Show jumping

part of a group of English riding equestrian events

Show jumping is an equestrian event that uses English riding. The rider and horse must complete an obstacle course under the rules of the International Federation of Equestrian sports.

Pius Schwizer, Nobless, 2008 Summer Olympics Hong Kong

The sport was born in the 18th century by fox hunters when England introduced fencing laws.[1] Hunters were now obligated to jump fences and this became a very popular activity. In 1912, show jumping made its first appearance in the Olympic Games.[2]

Show jumping is one of the very few sports where men and women are equal in competitions. This sport requires a muscular horse with a good cardiovascular endurance. Also, it must have a quick and stable temperament for the best performance. The breeds that are the most sought for this sport are Selle Français, Anglo-Arabe, Oldenburg, Warmblood (including Holsteiner and Hanoverian), Thoroughbred and Trakehner.[3]

To win the first place, the rider and his horse must complete the course as quickly as possible without making any mistakes. A fault or mistake occurs when the horse knocks down a fence or obstacle or if it disobeys; such as refusing to jump or makes a run-out. In fact, if a fault occurs the rider receives a penalty and loses automatically four points per mistake.[4] Also, a rider can lose some points if he exceeds the given time; a penalty is deduced at each exceeding second. Also, a rider can be eliminated because of a fall down or does not do the course correctly. The course is established in advance by the course designer. A designated judge decides whether the rider is eliminated or not and if he is, the judge decides when.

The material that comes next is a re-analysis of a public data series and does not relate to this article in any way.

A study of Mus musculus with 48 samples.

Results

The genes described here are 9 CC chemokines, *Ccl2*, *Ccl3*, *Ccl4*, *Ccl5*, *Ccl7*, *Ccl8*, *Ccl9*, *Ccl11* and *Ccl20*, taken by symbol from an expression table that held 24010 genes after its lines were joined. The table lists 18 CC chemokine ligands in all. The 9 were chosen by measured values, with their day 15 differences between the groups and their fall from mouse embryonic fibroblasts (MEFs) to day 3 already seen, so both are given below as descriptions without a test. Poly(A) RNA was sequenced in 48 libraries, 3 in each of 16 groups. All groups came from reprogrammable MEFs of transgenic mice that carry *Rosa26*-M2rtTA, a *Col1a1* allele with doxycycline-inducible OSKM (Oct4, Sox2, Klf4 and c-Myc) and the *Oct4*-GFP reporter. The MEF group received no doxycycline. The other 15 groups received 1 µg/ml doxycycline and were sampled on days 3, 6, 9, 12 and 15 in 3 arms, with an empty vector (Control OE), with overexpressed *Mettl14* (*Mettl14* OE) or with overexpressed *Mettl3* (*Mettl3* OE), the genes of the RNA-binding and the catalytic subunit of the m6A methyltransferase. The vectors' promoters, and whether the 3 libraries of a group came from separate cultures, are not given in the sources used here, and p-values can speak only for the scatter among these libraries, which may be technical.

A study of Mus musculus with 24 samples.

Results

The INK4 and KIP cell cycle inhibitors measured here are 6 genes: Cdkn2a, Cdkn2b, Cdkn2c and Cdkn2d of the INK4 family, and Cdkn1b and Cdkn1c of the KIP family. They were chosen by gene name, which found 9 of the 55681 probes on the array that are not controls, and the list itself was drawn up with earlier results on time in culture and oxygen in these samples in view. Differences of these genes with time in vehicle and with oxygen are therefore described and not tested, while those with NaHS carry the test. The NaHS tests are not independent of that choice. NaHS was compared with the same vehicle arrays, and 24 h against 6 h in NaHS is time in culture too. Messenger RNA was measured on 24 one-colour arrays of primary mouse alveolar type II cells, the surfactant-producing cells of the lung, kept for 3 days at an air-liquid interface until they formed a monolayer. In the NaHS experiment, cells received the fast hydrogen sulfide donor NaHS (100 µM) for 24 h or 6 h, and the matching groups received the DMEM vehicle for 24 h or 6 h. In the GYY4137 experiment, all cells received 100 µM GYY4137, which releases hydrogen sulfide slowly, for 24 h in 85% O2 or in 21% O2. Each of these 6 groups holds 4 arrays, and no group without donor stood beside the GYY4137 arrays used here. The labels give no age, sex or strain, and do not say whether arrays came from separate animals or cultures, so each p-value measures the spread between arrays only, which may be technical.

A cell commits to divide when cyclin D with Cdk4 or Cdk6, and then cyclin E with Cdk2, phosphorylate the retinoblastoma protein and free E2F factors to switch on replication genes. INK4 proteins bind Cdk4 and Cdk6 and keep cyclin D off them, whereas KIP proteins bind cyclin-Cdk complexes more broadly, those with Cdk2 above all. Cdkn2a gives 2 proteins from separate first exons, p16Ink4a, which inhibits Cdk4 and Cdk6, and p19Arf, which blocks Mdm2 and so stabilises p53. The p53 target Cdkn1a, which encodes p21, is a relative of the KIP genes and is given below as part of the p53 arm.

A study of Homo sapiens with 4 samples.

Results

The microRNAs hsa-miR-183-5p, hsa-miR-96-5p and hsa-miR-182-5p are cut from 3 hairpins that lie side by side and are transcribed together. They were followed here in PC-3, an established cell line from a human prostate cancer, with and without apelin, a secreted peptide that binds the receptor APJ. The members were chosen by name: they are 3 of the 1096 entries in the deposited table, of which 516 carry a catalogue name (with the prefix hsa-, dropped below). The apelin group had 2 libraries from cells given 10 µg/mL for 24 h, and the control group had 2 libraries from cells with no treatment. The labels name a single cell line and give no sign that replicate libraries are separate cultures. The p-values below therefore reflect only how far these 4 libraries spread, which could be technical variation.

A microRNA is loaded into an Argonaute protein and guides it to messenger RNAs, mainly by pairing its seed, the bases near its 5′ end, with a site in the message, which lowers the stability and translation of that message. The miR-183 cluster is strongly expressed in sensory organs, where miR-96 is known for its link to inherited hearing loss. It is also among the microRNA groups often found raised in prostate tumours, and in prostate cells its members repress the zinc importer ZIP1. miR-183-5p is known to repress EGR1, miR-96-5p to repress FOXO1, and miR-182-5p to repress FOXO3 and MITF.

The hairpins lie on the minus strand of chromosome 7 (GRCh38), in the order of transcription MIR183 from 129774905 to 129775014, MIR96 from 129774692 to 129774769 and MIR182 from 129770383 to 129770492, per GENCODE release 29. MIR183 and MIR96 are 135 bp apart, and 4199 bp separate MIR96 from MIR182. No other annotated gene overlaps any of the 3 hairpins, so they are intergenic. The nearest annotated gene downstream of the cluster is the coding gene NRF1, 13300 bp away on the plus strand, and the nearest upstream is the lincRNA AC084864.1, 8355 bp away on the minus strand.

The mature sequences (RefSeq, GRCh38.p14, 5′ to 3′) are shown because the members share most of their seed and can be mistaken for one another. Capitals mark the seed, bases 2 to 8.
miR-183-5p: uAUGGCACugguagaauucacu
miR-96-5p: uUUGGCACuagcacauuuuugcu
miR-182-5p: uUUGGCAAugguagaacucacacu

The riders who complete a course without any mistake can go to the next step, which is the jump-off. It is a shorter race: again the goal is to complete the course as quickly as possible and without making any mistake. The rider who has the best time wins the competition. If mistakes are made, seconds are added to the final time and this is why only the time score determines the winners.[1]


  1. 1.0 1.1 "Rules",FEI [1] (consulted January 2, 2013).
  2. "Fédération équestre internationale", [2] (consulted January 2, 2013).
  3. "Saut d'obstacles",, [en ligne] < Archived 2012-12-11 at the Wayback Machine>, (consulted January 2, 2013).
  4. "Apprendre à différencier les disciplines",Fédération équestre du Québec, [en ligne] < Archived 2013-01-09 at the Wayback Machine>, (consulted January 2, 2013).